With Monday’s Labor Day holiday behind us in the United States, the markets move from summer holidays to the serious business of autumn: Divining the minds on the Federal Open Market Committee by analyzing the strength of the economy.
As is often the case in finance, the question comes down to one of simple math: How quickly with the Fed raise interest rates? And will it be faster than before or slower?
A key measure of the economy’s strength, the employment situation report, will be published on Friday at 8:30 a.m. New York time. The trailing indicator will get a sneak preview on Thursday in the form of the ADP employment report, issued at 8:15 a.m. by a private payroll management company.
Other heavily watched reports out during the week: The Institute of Supply Management manufacturing index on Tuesday at 10 a.m. and international trade on Thursday at 8:30 a.m.
Leading indicators (in descending order of importance):
The interest rate spread between 10-year Treasuries and the federal funds rate, reported continually during market hours.
The M2 money supply, at 4:30 p.m. Thursday.
Vendor performance, or the deliveries times index, from the Institute of Supply Management manufacturing survey, at 10 a.m. Tuesday.
The average hourly workweek in manufacturing from the employment report at 8:30 a.m. Friday.
Manufacturers’ new orders for consumer goods and materials from the factory orders report at 10 a.m. Thursday.
The S&P 500 index, reported continually during market hours.
Average weekly initial claims for unemployment, from the jobless claims report at 8:30 a.m. Thursday.
Manufacturers’ new orders for non-defense capital goods from the factory orders report at 10 a.m. Thursday.
Events arranged by day:
Monday: U.S. markets closed for Labor Day.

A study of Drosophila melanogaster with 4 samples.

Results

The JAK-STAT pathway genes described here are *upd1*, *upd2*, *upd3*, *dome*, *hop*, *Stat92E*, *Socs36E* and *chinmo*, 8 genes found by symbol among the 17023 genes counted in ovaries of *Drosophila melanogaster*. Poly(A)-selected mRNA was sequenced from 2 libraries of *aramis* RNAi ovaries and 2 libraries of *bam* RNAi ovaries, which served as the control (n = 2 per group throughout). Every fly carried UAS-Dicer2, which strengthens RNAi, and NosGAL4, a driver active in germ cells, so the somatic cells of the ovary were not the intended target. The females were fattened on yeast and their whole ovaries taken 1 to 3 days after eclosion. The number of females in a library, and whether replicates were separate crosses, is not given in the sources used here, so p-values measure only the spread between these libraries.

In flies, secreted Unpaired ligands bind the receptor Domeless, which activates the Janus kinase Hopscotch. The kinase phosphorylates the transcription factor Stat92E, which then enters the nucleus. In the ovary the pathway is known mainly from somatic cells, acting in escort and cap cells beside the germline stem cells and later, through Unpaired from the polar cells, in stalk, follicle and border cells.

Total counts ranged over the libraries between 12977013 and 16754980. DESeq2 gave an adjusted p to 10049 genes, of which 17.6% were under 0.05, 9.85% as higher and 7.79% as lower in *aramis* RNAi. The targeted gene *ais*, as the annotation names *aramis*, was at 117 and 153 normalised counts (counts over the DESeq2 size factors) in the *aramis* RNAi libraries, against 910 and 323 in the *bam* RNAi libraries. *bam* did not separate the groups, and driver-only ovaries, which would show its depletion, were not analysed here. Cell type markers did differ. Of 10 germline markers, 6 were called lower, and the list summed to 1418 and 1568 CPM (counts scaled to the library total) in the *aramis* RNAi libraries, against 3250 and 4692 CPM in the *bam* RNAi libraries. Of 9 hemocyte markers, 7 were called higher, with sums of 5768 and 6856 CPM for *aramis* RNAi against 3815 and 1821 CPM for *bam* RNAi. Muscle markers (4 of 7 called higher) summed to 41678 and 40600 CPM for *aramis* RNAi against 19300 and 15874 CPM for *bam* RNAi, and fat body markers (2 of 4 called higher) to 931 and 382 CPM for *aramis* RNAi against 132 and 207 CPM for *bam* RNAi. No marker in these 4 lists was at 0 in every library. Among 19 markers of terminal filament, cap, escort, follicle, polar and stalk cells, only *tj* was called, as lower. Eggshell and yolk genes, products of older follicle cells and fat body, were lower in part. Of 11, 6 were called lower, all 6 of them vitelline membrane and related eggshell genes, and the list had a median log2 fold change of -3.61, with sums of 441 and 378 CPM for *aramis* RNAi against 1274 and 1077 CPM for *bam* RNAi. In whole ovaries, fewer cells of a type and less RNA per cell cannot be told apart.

Tuesday: The Purchasing Managers Institute manufacturing index at 9:45 a.m., and the Institute of Supply Management manufacturing index and construction spending at 10 a.m.
Wednesday: Motor vehicle sales throughout the day and international trade at 8:30 a.m.
Thursday: The ADP employment report at 8:15 a.m.,, jobless claims and productivity and costs, each at 8:30 a.m., factory orders and the Institute of Supply Management non-manufacturing survey, each at 10 a.m., petroleum inventories at 11 a.m and the M2 money supply at 4:30 p.m.
Friday: The employment situation and at 8:30 a.m.
I also keep an eye on the Baltic Dry Index, updated daily, and the 10-year implied inflation rate which is the difference between the yields on 10-year U.S. Treasury notes and 10-year Treasury inflation protected securities (TIPS).
By Tim Bovee, Portland, Oregon, Sept. 1, 2018
Tim Bovee, Private Trader tracks the analysis and trades of a private trader for his own accounts. Nothing in this blog constitutes a recommendation to buy or sell stocks, options or any other financial instrument. The only purpose of this blog is to provide education and entertainment.
No trader is ever 100 percent successful in his or her trades. Trading in the stock and option markets is risky and uncertain. Each trader must make trading decisions for his or her own account, and take responsibility for the consequences.
All content on Tim Bovee, Private Trader by Timothy K. Bovee is licensed under a Creative Commons Attribution-ShareAlike 4.0 International License.
Based on a work at www.timbovee.com.